LOVE YOUR BRAIN
AFTER KYLA PEARCE’S BROTHER
IN-LAW, Kevin, a professional snowboarder, experienced a career-ending traumatic brain injury during one of his training runs in 2009, his entire family got a sudden crash course in this type of injury (more than 2.5 million people sustain one each year) and the hardships that come with them. They learned that traumatic brain injuries can cause deeply challenging physical, cognitive, and psychosocial symptoms long after patients receive medical care, including poor balance, attention deficits, and anxiety, which can result in feelings of isolation and depression. What’s worse, while traumatic brain injuries typically receive extensive care in the weeks immediately following the trauma, as time passes, friends and family are often unsure of how to best offer continued care and support.
Three years ago, as Pearce was finishing her 200-hour yoga-teacher training in Dharamsala, India, her husband, Adam called with some news about his brother: Kevin was finally finding a sense of peace, accomplishment, and vitality through yoga and meditation. “Adam said, ‘Let’s bring this feeling to everyone with a traumatic brain injury. Can we? Should we?’”
As Adam supported Kevin on his continued path to recovery, he recognized the great need for creating a community for others impacted by traumatic brain injuries. This compelled him to found the Love Your Brain Foundation, which brings brainhealth programs to traumatic brain injury survivors. Pearce—a yoga teacher, doctoral student at Dartmouth College, and senior director of the Love Your Brain yoga program—supported the mission from the beginning.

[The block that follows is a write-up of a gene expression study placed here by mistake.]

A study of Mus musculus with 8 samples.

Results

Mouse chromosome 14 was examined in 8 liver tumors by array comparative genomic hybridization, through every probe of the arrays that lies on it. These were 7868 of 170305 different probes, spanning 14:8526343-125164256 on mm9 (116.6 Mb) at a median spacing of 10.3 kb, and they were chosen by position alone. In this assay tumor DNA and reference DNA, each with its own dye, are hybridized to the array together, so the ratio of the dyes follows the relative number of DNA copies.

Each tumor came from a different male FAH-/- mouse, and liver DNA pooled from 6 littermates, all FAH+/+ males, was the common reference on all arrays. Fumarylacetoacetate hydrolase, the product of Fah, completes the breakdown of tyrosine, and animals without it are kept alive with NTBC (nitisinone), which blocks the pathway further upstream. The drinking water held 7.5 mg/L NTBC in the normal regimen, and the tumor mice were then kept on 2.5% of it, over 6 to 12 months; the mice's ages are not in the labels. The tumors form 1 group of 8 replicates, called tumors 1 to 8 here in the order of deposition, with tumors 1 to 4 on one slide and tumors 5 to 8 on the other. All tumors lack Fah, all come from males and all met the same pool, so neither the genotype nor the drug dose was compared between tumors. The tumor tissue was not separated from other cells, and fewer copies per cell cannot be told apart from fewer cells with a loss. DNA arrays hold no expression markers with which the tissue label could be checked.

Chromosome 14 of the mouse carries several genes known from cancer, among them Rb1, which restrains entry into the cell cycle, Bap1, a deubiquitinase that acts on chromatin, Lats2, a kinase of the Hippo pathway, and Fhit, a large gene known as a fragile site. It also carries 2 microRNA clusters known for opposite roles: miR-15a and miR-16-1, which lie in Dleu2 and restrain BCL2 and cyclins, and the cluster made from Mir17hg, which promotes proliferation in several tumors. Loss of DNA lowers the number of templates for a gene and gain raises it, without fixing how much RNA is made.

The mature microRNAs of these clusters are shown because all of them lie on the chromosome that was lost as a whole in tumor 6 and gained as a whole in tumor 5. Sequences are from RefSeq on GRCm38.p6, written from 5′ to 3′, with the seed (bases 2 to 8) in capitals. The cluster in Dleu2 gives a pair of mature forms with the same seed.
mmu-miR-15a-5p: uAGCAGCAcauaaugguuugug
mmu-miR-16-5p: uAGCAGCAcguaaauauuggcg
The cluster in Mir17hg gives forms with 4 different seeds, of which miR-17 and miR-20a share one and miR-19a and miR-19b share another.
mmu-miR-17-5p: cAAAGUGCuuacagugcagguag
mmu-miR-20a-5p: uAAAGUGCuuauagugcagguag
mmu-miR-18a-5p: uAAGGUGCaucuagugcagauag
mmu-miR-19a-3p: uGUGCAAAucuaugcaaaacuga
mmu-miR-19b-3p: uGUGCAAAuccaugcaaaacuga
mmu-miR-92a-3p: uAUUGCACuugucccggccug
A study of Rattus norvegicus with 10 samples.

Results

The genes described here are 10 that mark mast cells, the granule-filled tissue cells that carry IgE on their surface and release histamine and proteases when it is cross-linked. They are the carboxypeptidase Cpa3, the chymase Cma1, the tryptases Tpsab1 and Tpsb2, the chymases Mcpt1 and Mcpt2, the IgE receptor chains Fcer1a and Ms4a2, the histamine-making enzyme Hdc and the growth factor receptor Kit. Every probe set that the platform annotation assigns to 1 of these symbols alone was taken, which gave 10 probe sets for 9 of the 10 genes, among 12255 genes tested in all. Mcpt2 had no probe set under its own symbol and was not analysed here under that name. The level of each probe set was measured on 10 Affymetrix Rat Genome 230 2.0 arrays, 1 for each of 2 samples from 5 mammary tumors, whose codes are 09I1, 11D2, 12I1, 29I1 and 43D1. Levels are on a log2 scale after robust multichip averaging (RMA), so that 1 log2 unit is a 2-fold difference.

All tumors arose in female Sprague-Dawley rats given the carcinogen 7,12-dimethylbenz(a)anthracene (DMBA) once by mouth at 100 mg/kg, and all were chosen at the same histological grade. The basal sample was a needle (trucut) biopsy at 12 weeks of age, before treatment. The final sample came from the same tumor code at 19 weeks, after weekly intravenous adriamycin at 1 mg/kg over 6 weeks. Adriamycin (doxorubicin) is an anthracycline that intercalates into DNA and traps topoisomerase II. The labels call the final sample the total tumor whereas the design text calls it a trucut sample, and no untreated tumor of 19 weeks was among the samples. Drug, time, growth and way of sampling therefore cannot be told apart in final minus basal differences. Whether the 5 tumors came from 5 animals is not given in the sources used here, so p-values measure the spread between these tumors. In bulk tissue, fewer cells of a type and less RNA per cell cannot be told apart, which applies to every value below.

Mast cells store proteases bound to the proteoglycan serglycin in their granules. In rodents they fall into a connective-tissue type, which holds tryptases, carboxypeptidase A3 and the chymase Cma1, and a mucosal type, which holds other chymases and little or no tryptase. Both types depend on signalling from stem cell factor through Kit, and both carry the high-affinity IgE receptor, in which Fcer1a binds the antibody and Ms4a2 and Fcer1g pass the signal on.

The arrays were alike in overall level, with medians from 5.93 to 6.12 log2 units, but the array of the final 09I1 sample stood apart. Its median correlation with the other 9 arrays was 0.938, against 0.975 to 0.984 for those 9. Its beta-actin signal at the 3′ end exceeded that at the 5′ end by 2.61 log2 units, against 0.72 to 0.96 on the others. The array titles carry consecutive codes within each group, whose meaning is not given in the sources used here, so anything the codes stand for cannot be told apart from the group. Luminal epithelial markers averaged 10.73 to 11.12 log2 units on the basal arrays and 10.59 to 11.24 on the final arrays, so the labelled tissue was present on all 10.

Eventually, Love Your Brain partnered with Dartmouth College to conduct an eight-week yoga study involving 30 people with traumatic brain injuries. The study found that participants who practiced yoga experienced significantly greater improvement in quality of life compared to the control group. These findings informed the development of Love Your Brain’s six-week yoga program, which is now being integrated into 24 partner studios across 14 US states and one Canadian province. “We partner with studios that are geographically close to a rehab facility for traumatic brain injury patients, so that the program is available to them, for free, as a next step for outpatients,” says Pearce. Each class follows a similar structure: 10 minutes of breathing exercises to calm and focus the mind; 45 minutes of gentle yoga to improve strength and balance; 15 minutes of guided meditation; and 20 minutes of discussion based on empowering themes.
“The gap in care following inpatient services and rehab is a major issue for those with traumatic brain injuries,” says Pearce. “We offer research-driven physical, emotional, social, and spiritual support for this community. After all, yoga is a practice of honoring our inner experience without resisting or grasping. Learning how to do this can help those who’ve experienced a traumatic brain injury regain a sense of purpose, which is critical to the healing process.”